About a year ago, I blogged here about a litigation attorney with the State of Louisiana. She has a “disability” under the Americans with Disabilities Act. On account of her illness, the U.S. Department of Justice accommodated the litigator by allowing her to telecommute from home temporarily, hoping to eventually reintegrate her into the office.
After trying to come back to work, sadly, the litigator was hospitalized. Many months later, the DOJ advised that it would no longer accommodate the litigator’s request to work from home; most notably, because her own doctor restricted all of her essential job functions as a litigation attorney. A few weeks later, the litigator returned to the office, worked for a few months, resigned, and sued under the ADA.
Can a litigator stay home, miss court, and still be “qualified” under the ADA?
An employer must accommodate an employee with a disability when it is reasonable to do so and that accommodation will allow the individual to perform the essential functions of the job. Indeed, to prove a failure-to-accommodate claim under the ADA, a plaintiff must be a “qualified individual with a disability.”
The issue on appeal in Credeur v. State of Louisiana was whether the plaintiff-litigator was qualified under the ADA.
How does one determine whether an employee with a disability is “qualified”?
According to the Fifth Circuit, you start with the language of the statute:
For the purposes of this subchapter, consideration shall be given to the employer’s judgment as to what functions of a job are essential, and if an employer has prepared a written description before advertising or interviewing applicants for the job, this description shall be considered evidence of the essential functions of the job.
And then you move on to the regulations, fancy that:
Further, the regulations promulgated by the Equal Employment Opportunity Commission (“EEOC”) list seven non-exhaustive factors to guide the essential-function inquiry:
(i) The employer’s judgment as to which functions are essential;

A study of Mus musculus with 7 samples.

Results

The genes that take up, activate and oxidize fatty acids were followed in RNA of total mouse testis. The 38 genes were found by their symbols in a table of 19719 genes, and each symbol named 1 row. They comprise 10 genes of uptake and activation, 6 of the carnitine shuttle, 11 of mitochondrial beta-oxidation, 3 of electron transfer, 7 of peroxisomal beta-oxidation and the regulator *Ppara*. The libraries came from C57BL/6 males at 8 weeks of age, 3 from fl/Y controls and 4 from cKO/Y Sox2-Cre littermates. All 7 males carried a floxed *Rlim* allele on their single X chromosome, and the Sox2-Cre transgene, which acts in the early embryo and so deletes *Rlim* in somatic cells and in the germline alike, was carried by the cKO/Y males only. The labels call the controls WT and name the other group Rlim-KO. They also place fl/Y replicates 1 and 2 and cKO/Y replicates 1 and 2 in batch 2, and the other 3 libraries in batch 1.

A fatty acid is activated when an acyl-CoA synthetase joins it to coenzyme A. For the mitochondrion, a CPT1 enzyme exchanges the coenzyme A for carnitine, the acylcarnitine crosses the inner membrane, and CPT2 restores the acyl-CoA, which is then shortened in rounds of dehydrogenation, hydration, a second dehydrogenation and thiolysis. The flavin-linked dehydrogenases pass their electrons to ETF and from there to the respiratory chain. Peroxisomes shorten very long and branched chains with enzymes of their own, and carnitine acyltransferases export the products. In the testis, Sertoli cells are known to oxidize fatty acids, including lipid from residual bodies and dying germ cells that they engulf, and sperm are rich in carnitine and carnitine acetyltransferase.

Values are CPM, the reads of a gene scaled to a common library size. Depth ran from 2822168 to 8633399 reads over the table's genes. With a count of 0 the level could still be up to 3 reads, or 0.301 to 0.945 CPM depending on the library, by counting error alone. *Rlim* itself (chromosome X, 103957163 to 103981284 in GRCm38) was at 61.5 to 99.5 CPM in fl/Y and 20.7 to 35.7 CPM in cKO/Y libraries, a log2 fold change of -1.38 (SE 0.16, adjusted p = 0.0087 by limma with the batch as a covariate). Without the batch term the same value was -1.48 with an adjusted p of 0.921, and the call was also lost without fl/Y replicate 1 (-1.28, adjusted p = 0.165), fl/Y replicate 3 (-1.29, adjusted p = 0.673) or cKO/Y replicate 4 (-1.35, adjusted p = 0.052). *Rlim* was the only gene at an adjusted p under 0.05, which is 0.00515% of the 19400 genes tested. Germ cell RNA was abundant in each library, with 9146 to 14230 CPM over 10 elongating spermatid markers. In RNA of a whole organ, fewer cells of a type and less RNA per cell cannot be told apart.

(ii) Written job descriptions prepared before advertising or interviewing applicants for the job;
(iii) The amount of time spent on the job performing the function;
(iv) The consequences of not requiring the incumbent to perform the function;
(v) The terms of a collective bargaining agreement;
(vi) The work experience of past incumbents in the job; and/or
(vii) The current work experience of incumbents in similar jobs.
Notice what’s missing from that list of seven items? It’s the judgment of the employee. Because it don’t mean squat in determining what job functions are essential:
While we are mindful that employees can be good sources of information regarding their day-to-day activities and the prerequisites for success on the job, an employee’s unsupported testimony that she could perform her job functions from home does not create a genuine dispute of fact to preclude summary judgment… Furthermore, unlike the employer’s judgment, which is explicitly mentioned in the statute and EEOC regulations, neither the statute nor regulations nor EEOC guidance instructs courts to credit the employee’s opinion about what functions are essential.
Concluding that the plaintiff “would have her job be the exception,” the Court instead deferred to written correspondence from the DOJ, emails, and other evidence that the DOJ considered coming to work and going to court to be essential job functions.
Well, since you’re not the Department of Justice, why should you care?
It’s your company; you get to set the rules. I’ll make it easy for you:
- Start with your job description. How’s it look?
- Talk to your employees and their managers about the job.
- Update your job description, identifying which job functions are essential and which are not.
- If it’s accurate, have the employee sign the job description. Otherwise, repeat steps 2 and 3.
Every so often, as the company grows (or shrinks), repeat steps 1-4.
There should be no dispute as to the essential functions of the job.
This article first appeared on The Employer Handbook.